The Age of Wonder and Joseph Banks

I started reading The Age of Wonder: How the Romantic Generation Discovered the Beauty and Terror of Science by Richard Holmes, but because each chapter features a different historical person, I decided to review the book chapter by chapter, as I read it, and discuss the biographies separately.  The Age of Wonder came out last year, getting glowing reviews.  I immediately bought it, but didn’t start reading it until after I saw it on several best books lists of 2009.  Chapter one starts off like gangbusters with a thrilling tale of Joseph Banks, an unknown historical figure to me, but after finishing the chapter, I wondered why he isn’t one of the more famous dudes in history.

Joseph_Banks_1773_Reynolds

Sir Joseph Banks (1743-1820) was a handsome Englishman that would have put Jane Austen’s Mr. Darcy’s riches to shame.  Banks was wealthy enough to finance himself, and his assistants, as the botanist on James Cook’s first voyage around the world in 1768-1771, and he could be one of the many models for James Cameron’s Avatar, because Banks went totally native in Tahiti decades before Fletcher Christian, falling in love with sexual free island women, the Eden-like Tahitian culture, learning their language and ways, shocking his fellow crewmen on the Endeavor, and bringing back concepts of free love and earthly paradise to European society on his return.  By exploring new ideas about morals and behavior, Banks became a proto-anthropologist.  Joseph Banks became famous in a time when it was hard to become famous, when the only mass media were the newspaper and the recently invented general circulation magazine – literacy was far from universal.

Richard Holmes could have written a whole book on Joseph Banks the size of The Age of Wonder and it would have been riveting,  leaving his readers begging for more.  I know I wanted more, but when I went looking, the pickings were slim.  Patrick O’Brian, author of the popular Jack Aubrey-Stephen Maturin  sea novels, wrote Joseph Banks: A Life which I plan to buy, even though the reviews on Amazon have been less than enthusiastic.  Amazon also offers Journal of the Right Hon. Sir Joseph Banks: During Captain Cook’s First Voyage in H.M.S. Endeavour in 1768-71 to Terra del Fuego, Otahite, New Zealand, Australia, the Dutch East Indies, etc, but I don’t know if I’m hard core enough to read that book yet.   I really wish for a David McCullough biography of Banks, because I love reading the big predigested cerebral view of history, rather than reading contemporary journals and diaries myself.  Amazon also has Sex, Botany, and Empire: The Story of Carl Linnaeus and Joseph Banks by Patricia Fara, which tempts me with the big picture, but not enough to buy yet because of limited reviews.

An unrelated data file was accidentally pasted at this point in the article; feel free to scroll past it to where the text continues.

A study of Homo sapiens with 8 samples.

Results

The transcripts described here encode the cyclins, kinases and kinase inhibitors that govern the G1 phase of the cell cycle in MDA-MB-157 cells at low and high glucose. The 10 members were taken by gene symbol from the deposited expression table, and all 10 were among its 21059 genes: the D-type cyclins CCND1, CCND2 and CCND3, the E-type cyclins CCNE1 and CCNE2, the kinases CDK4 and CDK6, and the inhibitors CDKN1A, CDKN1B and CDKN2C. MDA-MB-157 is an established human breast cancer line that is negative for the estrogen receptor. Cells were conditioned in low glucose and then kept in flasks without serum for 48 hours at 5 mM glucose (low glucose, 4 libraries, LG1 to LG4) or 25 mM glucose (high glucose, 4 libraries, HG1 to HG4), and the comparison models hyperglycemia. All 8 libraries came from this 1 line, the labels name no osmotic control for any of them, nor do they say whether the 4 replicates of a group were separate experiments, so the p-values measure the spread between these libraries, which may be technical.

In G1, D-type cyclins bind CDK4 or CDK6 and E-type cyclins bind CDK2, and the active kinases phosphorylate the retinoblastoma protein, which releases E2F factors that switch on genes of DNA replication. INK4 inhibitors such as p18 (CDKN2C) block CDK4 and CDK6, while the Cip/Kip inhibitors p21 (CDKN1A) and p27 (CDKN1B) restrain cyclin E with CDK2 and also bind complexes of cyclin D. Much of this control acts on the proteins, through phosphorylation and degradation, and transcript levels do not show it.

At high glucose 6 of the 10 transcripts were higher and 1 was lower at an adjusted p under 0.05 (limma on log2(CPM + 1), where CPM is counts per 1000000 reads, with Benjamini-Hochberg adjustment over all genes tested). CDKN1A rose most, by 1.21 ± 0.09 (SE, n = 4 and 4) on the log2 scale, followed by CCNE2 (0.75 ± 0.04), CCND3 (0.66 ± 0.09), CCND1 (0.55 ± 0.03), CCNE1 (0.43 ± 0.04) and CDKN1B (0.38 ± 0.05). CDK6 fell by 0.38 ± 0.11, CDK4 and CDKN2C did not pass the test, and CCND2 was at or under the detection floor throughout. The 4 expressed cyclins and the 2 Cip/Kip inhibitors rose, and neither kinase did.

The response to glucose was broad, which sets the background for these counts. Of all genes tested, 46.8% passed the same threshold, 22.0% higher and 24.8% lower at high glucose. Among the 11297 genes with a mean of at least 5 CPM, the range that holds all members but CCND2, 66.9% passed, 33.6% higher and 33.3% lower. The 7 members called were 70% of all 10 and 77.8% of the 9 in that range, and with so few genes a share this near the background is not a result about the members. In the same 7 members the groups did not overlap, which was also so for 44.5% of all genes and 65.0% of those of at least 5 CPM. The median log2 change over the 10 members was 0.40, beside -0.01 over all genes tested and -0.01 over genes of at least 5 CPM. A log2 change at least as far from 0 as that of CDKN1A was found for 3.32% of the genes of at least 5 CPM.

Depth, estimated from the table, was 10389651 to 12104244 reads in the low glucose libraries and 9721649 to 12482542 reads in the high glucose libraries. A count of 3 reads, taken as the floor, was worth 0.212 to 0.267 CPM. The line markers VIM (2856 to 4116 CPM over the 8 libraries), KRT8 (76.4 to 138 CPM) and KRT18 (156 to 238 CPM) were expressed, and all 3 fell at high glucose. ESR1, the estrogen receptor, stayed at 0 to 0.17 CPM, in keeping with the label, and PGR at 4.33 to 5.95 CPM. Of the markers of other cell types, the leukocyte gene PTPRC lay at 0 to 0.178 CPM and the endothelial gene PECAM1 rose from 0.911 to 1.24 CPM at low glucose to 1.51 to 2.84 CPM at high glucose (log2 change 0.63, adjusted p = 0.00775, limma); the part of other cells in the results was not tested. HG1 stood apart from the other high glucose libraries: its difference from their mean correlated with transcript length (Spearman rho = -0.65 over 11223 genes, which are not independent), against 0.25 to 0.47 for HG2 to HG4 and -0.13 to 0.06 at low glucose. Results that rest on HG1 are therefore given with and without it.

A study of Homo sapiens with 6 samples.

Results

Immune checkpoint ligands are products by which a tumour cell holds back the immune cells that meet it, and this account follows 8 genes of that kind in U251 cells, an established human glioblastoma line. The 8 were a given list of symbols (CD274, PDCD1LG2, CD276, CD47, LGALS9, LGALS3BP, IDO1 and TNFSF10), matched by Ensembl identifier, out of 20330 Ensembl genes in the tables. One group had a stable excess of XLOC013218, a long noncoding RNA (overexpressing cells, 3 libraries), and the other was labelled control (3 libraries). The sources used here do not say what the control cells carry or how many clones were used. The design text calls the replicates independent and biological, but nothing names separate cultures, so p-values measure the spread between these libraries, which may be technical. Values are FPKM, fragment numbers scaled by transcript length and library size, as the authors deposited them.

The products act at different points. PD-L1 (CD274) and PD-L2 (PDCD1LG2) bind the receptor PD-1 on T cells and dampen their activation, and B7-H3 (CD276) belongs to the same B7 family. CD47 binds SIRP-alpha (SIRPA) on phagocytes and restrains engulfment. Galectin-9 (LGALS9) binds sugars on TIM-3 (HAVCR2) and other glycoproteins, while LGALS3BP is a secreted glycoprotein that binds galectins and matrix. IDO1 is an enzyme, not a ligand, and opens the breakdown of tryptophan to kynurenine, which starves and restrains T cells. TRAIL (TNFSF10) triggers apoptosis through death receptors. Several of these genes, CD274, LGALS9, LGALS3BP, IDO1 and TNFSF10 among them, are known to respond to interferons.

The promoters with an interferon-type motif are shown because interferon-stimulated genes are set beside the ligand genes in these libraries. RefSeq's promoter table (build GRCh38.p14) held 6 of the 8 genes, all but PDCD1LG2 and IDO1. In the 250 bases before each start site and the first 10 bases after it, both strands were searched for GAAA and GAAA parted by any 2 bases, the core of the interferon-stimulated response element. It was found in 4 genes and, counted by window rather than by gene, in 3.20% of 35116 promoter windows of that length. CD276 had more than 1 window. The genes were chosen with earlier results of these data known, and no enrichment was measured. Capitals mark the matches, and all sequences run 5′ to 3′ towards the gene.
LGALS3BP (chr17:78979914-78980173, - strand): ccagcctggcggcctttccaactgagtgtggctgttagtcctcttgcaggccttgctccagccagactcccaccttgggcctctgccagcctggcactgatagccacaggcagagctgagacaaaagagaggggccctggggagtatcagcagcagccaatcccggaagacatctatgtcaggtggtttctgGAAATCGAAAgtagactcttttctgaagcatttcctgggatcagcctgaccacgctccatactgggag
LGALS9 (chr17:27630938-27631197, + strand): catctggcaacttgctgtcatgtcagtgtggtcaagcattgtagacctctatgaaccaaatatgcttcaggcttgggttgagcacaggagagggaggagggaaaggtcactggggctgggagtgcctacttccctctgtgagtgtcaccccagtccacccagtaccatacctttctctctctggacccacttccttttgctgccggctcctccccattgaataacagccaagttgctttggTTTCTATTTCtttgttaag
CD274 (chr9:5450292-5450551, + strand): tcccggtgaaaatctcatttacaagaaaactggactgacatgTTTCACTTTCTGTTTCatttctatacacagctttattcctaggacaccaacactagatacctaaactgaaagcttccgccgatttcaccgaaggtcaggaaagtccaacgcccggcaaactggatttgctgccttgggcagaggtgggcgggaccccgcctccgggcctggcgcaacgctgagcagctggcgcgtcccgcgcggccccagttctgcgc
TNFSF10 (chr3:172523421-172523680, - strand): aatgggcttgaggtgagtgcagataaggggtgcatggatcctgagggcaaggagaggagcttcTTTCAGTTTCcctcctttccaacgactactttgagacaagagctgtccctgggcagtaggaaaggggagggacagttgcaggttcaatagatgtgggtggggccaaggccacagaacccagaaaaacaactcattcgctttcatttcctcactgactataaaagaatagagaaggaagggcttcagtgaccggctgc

Banks claim to fame now, and in his own time, was more than just titillating adventure stories about getting his penis polished by South Sea babes.  Banks was the Internet Entrepreneur of his day, not for being rich, but for being part of a 18th century gang of geeks ushering in the new paradigm shift of science.  We think we live in exciting times because of the Internet Age, but is that really true?  What blows our minds today are but spring storms compared to the mental hurricanes of the Age of Enlightenment.  We debate freedom of information, they fought for personal freedoms, and dared to step away from God to discover science.  We’re excited about ebooks, but they were excited about real books becoming popular with the common man and woman.  We’re excited by Twitter and Facebook, but they were discovering scientific journals and the magazine.  We have Google, but Joseph Banks was promoting Carl Linnaeus and the classification of plant and animal life and building a natural history database.  Banks crawled the real world indexing its features.

We take too much for granted in the 21st century.  And we’ve all forgotten far too much about how we got here.  Few of us even have a glimmer of the real story.  Reading The Age of Wonder is a voyage of discovery into the 18th century where the foundation of modern mind was created.  Slowly, as I’ve gotten older, I’ve been working my way backwards in time.  Growing up meant getting comfortable with the 20th century, but I’ve spent a lot of time exploring the 19th century in books, and only now at 58 am I starting to really push back into the 18th century.  I routinely flit up and down the timeline of history, and even prehistory, but I seldom get comfortable in any era for anything length of time.  Reading The Age of Wonder convinces me I need to make a major expedition into the 1700s.

Some websites to browse:

JWH – 1/23/10

2 Responses

  1. Let me recommend you the Baroque trilogy by Stephenson. It’s an exciting trip to the 17th century, with plenty of reflections on the origins of science and economy.

    • Thanks Ignacio. I’ve been waiting for an unabridged version of the book to come out on audio. There is one for his latest book, so I’m hoping the success of it will inspire audio editions for his older books.